Utah needs to re-evaluate its political processes and revive its political parties, says Dan Jones, a prominent Utah pollster.

"I don't know of a more bizarre year since I have been involved with political polling," said Jones of the 1990 elections. "1990 was the year of the grotesque."Jones told a gathering of the Utah Policy Forum that he has taken a lot of heat over poll projections that failed to detect voters swings that resulted in a stunning upset in the 3rd Congressional District race and mild upsets in Salt Lake County commission and sheriff's contests. And at least one failed candidate for Congress has blamed his loss directly on the Jones polls.

But Jones puts much of the blame on a system that allows crossover voting in primaries and the growing economic power of political action committees that now control access to needed campaign money.

And at least in Salt Lake County, the election results were largely due to the failure of Republicans to go to the polls to re-elect incumbents while Democrats were going out in record numbers to "throw the rascals out."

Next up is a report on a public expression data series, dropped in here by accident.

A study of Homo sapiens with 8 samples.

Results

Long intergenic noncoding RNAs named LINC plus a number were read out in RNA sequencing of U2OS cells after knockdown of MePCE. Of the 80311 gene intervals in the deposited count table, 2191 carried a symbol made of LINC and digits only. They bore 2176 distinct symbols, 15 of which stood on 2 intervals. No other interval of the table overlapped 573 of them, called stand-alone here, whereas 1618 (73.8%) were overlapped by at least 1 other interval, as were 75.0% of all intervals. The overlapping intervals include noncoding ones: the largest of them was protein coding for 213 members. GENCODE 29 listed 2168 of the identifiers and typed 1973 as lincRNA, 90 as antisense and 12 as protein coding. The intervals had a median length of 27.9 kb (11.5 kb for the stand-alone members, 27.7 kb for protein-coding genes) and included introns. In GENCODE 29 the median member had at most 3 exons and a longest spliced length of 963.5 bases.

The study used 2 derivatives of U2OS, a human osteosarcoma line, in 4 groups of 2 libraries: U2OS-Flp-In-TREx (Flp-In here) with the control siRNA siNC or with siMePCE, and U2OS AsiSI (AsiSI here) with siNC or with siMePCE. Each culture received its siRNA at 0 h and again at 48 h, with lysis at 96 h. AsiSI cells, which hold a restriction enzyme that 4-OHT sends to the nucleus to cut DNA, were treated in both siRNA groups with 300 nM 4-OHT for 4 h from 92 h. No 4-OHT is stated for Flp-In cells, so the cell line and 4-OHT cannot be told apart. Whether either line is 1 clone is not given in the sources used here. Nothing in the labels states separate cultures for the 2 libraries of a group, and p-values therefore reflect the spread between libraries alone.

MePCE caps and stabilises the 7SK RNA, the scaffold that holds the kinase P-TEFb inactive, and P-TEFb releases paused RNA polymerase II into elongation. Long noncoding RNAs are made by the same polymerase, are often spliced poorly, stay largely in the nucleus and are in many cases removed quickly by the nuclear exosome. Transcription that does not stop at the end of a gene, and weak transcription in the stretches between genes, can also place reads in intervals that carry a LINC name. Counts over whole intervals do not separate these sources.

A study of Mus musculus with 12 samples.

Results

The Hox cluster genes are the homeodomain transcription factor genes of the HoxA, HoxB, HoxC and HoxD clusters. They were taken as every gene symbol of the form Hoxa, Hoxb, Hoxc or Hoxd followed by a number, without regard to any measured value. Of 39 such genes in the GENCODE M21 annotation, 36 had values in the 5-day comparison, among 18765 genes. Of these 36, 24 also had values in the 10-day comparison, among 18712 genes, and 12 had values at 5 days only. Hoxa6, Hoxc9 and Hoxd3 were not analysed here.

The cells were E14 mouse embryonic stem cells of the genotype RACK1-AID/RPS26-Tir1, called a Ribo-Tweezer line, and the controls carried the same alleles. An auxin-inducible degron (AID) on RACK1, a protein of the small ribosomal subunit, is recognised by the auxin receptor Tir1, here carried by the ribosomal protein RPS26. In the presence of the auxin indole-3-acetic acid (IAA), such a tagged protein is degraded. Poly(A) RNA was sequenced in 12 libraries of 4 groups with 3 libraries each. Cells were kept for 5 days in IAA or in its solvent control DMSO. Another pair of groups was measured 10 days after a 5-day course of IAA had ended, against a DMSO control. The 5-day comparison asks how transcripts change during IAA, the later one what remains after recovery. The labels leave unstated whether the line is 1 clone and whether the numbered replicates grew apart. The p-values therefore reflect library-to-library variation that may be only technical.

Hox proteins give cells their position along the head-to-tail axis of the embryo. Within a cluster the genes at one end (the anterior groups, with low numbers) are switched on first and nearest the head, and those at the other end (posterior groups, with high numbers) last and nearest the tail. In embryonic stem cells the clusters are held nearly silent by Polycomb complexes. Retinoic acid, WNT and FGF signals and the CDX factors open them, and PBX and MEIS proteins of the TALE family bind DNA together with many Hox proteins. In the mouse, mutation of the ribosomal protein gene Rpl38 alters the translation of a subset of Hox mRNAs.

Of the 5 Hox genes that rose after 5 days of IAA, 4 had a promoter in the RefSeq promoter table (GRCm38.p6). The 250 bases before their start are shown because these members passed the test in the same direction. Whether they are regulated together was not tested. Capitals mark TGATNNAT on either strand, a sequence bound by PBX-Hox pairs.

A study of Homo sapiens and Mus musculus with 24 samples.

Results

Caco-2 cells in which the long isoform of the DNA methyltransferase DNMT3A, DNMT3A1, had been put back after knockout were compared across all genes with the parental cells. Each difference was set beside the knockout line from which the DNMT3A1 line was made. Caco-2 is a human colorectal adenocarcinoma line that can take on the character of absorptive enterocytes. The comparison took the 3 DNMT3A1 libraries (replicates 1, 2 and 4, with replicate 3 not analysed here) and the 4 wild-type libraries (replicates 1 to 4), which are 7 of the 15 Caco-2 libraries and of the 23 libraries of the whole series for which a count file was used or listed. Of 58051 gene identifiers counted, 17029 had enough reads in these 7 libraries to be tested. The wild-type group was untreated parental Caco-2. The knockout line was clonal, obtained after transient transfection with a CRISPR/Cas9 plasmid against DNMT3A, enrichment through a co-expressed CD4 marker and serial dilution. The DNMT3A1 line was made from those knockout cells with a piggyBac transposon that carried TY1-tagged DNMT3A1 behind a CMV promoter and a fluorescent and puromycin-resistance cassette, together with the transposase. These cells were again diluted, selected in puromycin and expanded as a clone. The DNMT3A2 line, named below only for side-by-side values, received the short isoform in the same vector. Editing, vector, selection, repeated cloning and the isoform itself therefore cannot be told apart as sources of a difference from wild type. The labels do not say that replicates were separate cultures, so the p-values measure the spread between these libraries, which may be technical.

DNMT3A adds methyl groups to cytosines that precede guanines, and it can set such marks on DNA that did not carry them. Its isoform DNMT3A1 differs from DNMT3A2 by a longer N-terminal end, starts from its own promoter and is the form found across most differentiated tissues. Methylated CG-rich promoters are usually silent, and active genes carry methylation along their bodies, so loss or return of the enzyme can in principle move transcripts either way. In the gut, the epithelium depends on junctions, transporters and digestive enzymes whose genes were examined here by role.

In addition, an extraordinary number of independent voters told exit pollsters that they did not make up their minds until they entered the voting booth and that anger towards incumbents, especially over tax issues, affected their vote.

Jones said the drop-off in Republican voting was the greatest nationwide since the Watergate affair in 1974.

"It was a case of Republicans not feeling good enough (about their candidates) to re-elect and Democrats being mad enough to throw the rascals out," Jones said.

Jones said the sales tax initiative failed largely because voters feared it would hurt education, the issue that remains uppermost in importance in Utah. And despite a party endorsement to remove the sales tax on food, Democrats voted against the initiative.

Issues expected to weigh heavily on the minds of voters in the 1990s include property tax reform, legislative reapportionment, abortion, creation of a state department of environmental quality, child abuse, Salt Palace renovation and water, Jones said.